Jon Steinberg on The MailOnline’s Plans for World Domination, New Hire Piers Morgan

Lunch At Michaels

LunchAtMichaelsIt was a true media mashup at Michael’s today as the joint was jam-packed with famous faces (Katie Couric and Barbara Walters at separate tables; Natalie Morales) and moguls (David Zinczenko), while the usual suspects upped the volume to near ear-splitting levels. I had to lean in to catch every word uttered by Jon Steinberg, who joined me for lunch to dish about his new-ish gig as CEO of the Daily Mail’s MailOnline.com, yesterday’s announcement that Piers Morgan was joining the site and his old guard inspirations in this new-media world.

Diane Clehane and Jon Steinberg
Diane Clehane and Jon Steinberg

“Having built this place with Jonah [Peretti, BuzzFeed’s founder and CEO] and the rest of the team, I want to go through that rush again, and there is a certain amount of freedom that I want,” he said at the time. Since when we spoke for the Gotham piece, he’d told me he believed “freedom and independence are the new status symbols,” I was eager to see what his next move would be. A short time later, he announced he was joining MailOnline as chief executive officer of North America. Today he arrived fresh off the set of CNBC, where he appears three times a week as a contributor on Squawk on the Street. Said Jon of his television gig: “I love it because they operate it like a startup. They had the idea for it and just weeks later, it was on the air. It’s a great team.” But clearly, he’s even more enthusiastic about his top spot at MailOnline. “I wasn’t the CEO before and that’s something I’ve always wanted. I get to make a lot more decisions now,” he told me today, between bites of chicken paillard. And he’s making plenty.

Just yesterday it was announced Morgan has been hired as editor-at-large here in the states. Jon told me he met with Morgan before he was tapped for his new gig, but the idea to hire the former CNN host was “the brainchild” of editor Martin Clarke. “It’s a brilliant idea. He’s the perfect fit,” said Jon. “MailOnline is a British crossover and Piers is the ultimate British crossover.” Morgan had been writing for the print edition of the paper and will now be a regular online contributor penning a column as well as doing original reporting and interviews. When I commented that the move also seemed to capitalize on the site’s British pedigree, Jon agreed, adding, “Americans seem to be intrigued by all things British and its history.”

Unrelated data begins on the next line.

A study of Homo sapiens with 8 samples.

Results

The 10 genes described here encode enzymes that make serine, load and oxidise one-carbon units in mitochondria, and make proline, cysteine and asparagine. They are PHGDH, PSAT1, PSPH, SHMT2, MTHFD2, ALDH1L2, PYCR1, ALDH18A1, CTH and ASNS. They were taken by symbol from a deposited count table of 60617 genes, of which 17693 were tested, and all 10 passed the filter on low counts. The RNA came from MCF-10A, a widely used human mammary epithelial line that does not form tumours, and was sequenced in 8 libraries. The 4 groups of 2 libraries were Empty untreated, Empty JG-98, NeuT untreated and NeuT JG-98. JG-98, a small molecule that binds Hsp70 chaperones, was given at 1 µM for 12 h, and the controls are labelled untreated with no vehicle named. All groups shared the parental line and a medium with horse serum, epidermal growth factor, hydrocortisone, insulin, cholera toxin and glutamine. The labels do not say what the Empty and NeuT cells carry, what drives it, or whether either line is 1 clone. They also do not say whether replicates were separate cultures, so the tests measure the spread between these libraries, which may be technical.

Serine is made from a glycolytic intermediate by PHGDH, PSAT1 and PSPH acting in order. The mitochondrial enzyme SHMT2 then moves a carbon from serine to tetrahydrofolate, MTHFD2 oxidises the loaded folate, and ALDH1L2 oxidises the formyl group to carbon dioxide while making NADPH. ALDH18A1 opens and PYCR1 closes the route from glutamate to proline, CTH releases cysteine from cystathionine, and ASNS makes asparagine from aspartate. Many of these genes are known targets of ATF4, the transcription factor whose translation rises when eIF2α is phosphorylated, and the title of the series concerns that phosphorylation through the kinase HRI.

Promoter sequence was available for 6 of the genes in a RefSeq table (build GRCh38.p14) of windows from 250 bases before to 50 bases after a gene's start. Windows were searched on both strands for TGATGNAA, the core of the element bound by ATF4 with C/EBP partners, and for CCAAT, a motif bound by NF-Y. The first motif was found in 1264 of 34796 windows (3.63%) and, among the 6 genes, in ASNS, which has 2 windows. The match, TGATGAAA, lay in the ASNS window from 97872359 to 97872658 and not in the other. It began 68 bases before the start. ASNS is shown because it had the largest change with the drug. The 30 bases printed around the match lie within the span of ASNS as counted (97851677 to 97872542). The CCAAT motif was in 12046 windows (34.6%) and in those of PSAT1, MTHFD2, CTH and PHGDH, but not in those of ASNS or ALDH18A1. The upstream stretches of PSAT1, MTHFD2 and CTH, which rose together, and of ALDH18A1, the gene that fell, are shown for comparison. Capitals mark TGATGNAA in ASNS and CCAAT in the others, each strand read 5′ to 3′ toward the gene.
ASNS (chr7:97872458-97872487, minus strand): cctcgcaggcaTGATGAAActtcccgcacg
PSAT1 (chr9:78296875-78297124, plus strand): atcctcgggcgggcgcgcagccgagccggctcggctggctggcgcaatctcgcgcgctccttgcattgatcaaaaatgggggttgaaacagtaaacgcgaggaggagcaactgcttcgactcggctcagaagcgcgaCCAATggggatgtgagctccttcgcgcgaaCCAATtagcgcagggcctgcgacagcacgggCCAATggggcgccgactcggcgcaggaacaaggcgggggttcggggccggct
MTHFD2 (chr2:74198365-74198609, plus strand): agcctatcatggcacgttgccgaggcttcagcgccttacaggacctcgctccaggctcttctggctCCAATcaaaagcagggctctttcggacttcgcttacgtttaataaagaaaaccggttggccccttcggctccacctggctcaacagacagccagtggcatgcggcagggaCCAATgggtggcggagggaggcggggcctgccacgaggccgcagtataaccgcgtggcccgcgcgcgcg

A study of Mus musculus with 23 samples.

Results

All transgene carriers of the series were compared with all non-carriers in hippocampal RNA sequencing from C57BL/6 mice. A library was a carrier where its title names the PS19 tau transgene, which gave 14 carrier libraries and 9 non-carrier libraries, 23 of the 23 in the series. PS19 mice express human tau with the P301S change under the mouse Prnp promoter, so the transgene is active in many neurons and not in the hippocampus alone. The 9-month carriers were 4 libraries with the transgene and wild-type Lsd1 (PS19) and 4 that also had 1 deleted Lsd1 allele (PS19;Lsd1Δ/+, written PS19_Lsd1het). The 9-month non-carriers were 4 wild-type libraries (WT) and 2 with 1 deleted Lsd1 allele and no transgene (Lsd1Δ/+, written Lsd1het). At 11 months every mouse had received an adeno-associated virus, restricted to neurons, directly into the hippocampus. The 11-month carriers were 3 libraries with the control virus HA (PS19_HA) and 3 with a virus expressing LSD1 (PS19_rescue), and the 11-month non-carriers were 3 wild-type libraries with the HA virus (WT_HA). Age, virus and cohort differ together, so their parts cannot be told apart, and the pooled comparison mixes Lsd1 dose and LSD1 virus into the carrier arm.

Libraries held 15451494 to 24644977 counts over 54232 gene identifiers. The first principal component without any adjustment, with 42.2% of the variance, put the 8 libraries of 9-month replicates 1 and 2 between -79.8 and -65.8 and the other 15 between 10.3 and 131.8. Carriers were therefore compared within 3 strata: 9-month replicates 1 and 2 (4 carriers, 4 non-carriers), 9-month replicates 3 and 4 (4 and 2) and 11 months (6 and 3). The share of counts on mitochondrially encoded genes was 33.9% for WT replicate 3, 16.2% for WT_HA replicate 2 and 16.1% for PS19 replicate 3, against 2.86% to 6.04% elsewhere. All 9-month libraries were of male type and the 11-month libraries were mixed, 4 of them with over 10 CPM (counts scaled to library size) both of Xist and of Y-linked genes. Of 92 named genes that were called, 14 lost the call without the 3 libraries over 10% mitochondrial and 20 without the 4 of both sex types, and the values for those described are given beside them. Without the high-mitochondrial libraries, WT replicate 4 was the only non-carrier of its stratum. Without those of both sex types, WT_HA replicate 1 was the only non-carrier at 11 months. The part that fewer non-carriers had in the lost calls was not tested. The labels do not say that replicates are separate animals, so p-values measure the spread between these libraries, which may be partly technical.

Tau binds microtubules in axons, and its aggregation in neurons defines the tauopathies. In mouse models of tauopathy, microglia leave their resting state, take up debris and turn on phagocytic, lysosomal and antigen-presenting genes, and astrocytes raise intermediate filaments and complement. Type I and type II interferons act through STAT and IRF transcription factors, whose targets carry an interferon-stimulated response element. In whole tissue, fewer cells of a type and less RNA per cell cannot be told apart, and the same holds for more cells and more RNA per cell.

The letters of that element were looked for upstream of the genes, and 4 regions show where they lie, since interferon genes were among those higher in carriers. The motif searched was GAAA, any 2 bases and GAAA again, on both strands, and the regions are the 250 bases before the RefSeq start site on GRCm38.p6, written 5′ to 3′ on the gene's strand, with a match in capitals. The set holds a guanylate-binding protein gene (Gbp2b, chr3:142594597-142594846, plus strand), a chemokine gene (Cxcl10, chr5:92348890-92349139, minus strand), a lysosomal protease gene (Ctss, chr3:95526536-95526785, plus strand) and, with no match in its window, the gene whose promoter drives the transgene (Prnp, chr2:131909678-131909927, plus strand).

While the current MailOnline is a mere seven years old, its roots date back 120 years, when the paper was first published by Lord Northcliffe who, said Jon, is credited with creating the editors’ credo: When a dog bites a man that is not news, but when a man bites a dog that is news. “There’s a lot of rich history there. That People magazine style is something we’ve been doing for 120 years.” While the site’s celebrity coverage is icing on the very dishy cake, Jon points to its hard news coverage of ISIS and the ebola crisis as something “he’s very proud of” and said, “We have an amazing science section.” It’s the celebrity coverage that provides “small relief” to the relentless onslaught of terrifying and sobering news stories that assault us on a daily basis. “Our real readers know we cover everything and it all fits together.”